What Are Asteroids? NASA Astronomers Are Finding More Near-Earth Objects Than Ever Before

Maybe you've seen the news: Not one but two asteroids are flying by Earth in the next few days. That seems like a lot, so what the heck is happening? Are we having a week of cosmically bad luck? Is the solar system angry at us? Are we all going to go the way of the dinosaurs before we even get to pull out the flip-flops again? And what even are asteroids anyway?

Asteroids are basically space debris, hunks of metal, clay, rock and water floating around the solar system. They're all much smaller than a planet or our Moon, no more than a couple hundred miles across. That means their gravity isn't strong enough to give them a smooth, round shape, so they are lumpy and lopsided instead. Most of them, tens of thouands all told, are tucked away in the asteroid belt, located between Mars and Jupiter, but there are plenty of strays wandering around the solar system—that's how we get asteroids making these close approaches to Earth, within just tens of thousands of miles of us.

How many asteroids are there? We don't even know. NASA

Naturally, astronomers are pretty interested in these asteroids that sneak by us, since they are well aware that collisions can be deadly. That's why since 1998, NASA has funded a special program dedicated to tracking down what are formally called "near-Earth objects." If you feel like you've seen a sharp uptick in coverage of asteroid flybys, this is why: Astronomers are finding and tracking more near-Earth objects than ever before. (None of the asteroids large enough to cause a global disaster like the impact that wiped out the dinosaurs are on track to collide with Earth any time soon.)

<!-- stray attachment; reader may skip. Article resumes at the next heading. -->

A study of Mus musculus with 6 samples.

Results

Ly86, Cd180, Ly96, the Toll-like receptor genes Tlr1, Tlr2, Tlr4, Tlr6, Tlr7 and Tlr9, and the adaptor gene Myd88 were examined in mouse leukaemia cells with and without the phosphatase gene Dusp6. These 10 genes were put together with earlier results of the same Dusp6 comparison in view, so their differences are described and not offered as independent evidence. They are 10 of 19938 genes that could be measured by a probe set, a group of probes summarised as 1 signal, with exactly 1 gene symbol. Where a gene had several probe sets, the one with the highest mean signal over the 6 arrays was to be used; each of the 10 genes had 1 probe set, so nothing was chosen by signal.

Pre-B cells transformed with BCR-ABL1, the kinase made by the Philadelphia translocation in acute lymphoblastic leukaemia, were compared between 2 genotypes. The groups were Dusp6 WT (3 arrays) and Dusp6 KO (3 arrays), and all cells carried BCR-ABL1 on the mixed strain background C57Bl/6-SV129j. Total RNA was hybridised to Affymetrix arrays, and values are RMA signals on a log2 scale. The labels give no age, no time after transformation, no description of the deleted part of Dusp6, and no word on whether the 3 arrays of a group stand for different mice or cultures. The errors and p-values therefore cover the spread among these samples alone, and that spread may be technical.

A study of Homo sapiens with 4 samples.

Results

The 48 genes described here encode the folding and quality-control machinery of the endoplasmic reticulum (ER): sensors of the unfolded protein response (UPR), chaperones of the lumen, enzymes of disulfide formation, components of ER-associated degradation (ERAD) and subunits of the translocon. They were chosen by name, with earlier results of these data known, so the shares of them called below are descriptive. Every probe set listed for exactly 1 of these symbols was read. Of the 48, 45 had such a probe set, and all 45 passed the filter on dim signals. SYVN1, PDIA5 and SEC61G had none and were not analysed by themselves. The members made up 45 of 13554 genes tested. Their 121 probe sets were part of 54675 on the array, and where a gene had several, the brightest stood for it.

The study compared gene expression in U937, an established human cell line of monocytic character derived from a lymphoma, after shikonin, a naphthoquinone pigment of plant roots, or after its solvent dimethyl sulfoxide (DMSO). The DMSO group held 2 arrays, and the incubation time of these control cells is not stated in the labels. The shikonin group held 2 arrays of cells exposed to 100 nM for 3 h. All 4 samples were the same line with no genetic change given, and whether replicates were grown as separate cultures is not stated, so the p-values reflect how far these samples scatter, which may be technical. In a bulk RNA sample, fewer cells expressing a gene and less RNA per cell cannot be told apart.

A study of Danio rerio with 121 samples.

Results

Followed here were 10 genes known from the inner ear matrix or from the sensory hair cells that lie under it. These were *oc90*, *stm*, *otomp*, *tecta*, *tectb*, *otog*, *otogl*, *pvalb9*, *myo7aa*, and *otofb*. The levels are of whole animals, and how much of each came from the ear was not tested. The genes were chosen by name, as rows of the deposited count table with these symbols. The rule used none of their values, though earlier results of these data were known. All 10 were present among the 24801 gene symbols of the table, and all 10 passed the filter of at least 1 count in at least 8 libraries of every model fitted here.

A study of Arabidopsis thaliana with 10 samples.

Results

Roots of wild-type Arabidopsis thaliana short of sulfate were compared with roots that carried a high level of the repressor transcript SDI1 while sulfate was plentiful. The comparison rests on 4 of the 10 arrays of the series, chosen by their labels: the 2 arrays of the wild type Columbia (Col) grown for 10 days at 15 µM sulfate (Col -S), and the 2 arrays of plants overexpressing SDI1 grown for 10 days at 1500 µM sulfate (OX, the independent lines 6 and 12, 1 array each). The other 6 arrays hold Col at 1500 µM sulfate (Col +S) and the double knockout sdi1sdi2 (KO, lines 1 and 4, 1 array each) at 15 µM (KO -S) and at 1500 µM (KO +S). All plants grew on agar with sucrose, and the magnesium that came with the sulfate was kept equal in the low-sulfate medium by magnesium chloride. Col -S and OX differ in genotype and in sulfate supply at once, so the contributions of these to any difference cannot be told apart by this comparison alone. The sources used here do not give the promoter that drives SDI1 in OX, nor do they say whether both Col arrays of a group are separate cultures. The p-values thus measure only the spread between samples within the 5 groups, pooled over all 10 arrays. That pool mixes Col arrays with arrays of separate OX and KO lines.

But that isn't just a matter of self-preservation that has scientists studying asteroids: These rocks may also hold the secrets of the birth of the solar system—and perhaps even of how life on Earth began. That's because scientists believe they haven't changed much in the past 4.6 billion years ago or so, since they never got lumped in to form planets. (If they had, or if they were somehow all smushed together now, they would be smaller than our Moon.) So studying asteroids can give us a better sense of what the early solar system looked like.

Read more: Record-Breaking 2,000 New Asteroids Approached Earth in 2017 and Astronomers Expect to Spot Even More in 2018

We have two main options for studying asteroids: staying here and going to them. It's a great year for asteroid visits, with Japanese and American spacecraft landing on two different asteroids and bringing tiny pieces of them home for scientists to study in the lab. But we can also study them as they pass by, shooting invisible radar beams at them and studying the reflection that returns to Earth.

And scientists aren't going to stop trying to spot new asteroids flying past Earth any time soon. "Asteroid discovery is just a fun project to be involved with," Eric Christensen, who leads the Catalina Sky Survey, an asteroid-hunting project at the University of Arizona, told Newsweek. "There's a lot of undiscovered asteroids to be found."